MINIMAL ATTENTION – MAXIMUM AFFLICTION KIDNEY DISEASE

MINIMAL ATTENTION – MAXIMUM AFFLICTION KIDNEY DISEASE

One-third of adults in the US are obese. One-third of adults in the US have hypertension. A little under 10% have diabetes. Closely following this, the prevalence of end stage kidney disease has escalated. Chronic kidney disease is an epidemic. It’s growing in huge numbers, and people aren’t realizing that modification of their diets is the root cause.

More than 26 million Americans — that’s one in nine adults — have kidney disease. Millions more are likely to develop the disease, but most of us fail to realize that we’re at risk. Much is known about who faces the greatest risks of developing chronic kidney disease and how it can be prevented, detected in its early stages, and treated to slow or halt its progression. But unless people at risk are tested, they are unlikely to know they have kidney disease; it produces no symptoms until it is quite advanced.

The symptoms of kidney disease don’t show up until you’ve lost most of your kidney function. That’s when you’ll experience the fatigue that’s not always a result of anaemia, the muscle cramps that usually – but not always – present themselves in your calves, nausea, vomiting, appetite loss, easy bruising, itching and the shortness of breath when you exert yourself.

Such a lapse is hardly uncommon as Kidney disease often is not on the medical radar. A non-CKD patient’s blood is cleaned about 35 times a day. A CKD patient’s blood is cleaned progressively fewer times a day depending upon the stage of the patient’s disease. It is crucial to check the amount of protein in your urine at least once a year and wade all doubts of possible threats.

A study published in April online in The American Journal of Kidney Disease demonstrated how common lifestyle factors can harm the kidneys. Researchers led by Dr. Alex Chang of Johns Hopkins University followed more than 2,300 young adults for 15 years. Participants were more likely to develop kidney disease if they smoked, were obese or had diets high in red and processed meats, sugar-sweetened drinks and sodium, but low in fruit, legumes, nuts, whole grains and low-fat dairy.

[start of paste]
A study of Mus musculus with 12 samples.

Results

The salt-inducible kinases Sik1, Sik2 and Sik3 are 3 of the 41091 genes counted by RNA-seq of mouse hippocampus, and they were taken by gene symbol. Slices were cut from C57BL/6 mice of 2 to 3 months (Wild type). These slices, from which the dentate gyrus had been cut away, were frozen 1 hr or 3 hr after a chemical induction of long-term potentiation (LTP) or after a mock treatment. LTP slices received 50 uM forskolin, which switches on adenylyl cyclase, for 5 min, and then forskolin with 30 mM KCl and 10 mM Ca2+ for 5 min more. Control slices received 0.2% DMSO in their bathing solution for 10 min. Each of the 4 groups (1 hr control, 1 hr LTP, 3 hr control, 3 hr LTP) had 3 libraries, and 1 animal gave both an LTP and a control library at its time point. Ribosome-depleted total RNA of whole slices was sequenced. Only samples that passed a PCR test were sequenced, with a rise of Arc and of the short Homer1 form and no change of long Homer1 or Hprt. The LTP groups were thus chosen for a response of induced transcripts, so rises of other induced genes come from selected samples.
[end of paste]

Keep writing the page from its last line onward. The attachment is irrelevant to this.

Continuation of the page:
Obesity alone doubled a person’s risk of developing kidney disease; an unhealthy diet raised the risk even when weight and other lifestyle factors were taken into account.

Overall, the risk was highest among African-Americans; those with diabetes, high blood pressure or a family history of kidney disease; and those who consumed more soft drinks, red meat and fast food. People with high blood pressure, Type 2 diabetes or obesity who manage to avoid a heart attack or stroke remain at risk for kidney disease.

However, not everyone with chronic kidney disease is at a risk of progressing to end-stage renal disease. There are ways to prevent or slow down the escalation process. Maintaining good quality of life and improving one’s ability to stay fit eases the lives of many people with CKD.

A wellness approach includes:

  • Weight Control
  • A well-balanced diet
  • Regular physical activity
  • Controlled blood pressure
  • Controlled blood glucose
  • Quitting smoking
  • Restricted alcohol intake
  • Following your physicians advice

Watifhealth provides you a forum to learn as much as you can about your kidney disease and to carefully follow instructions from our healthcare team.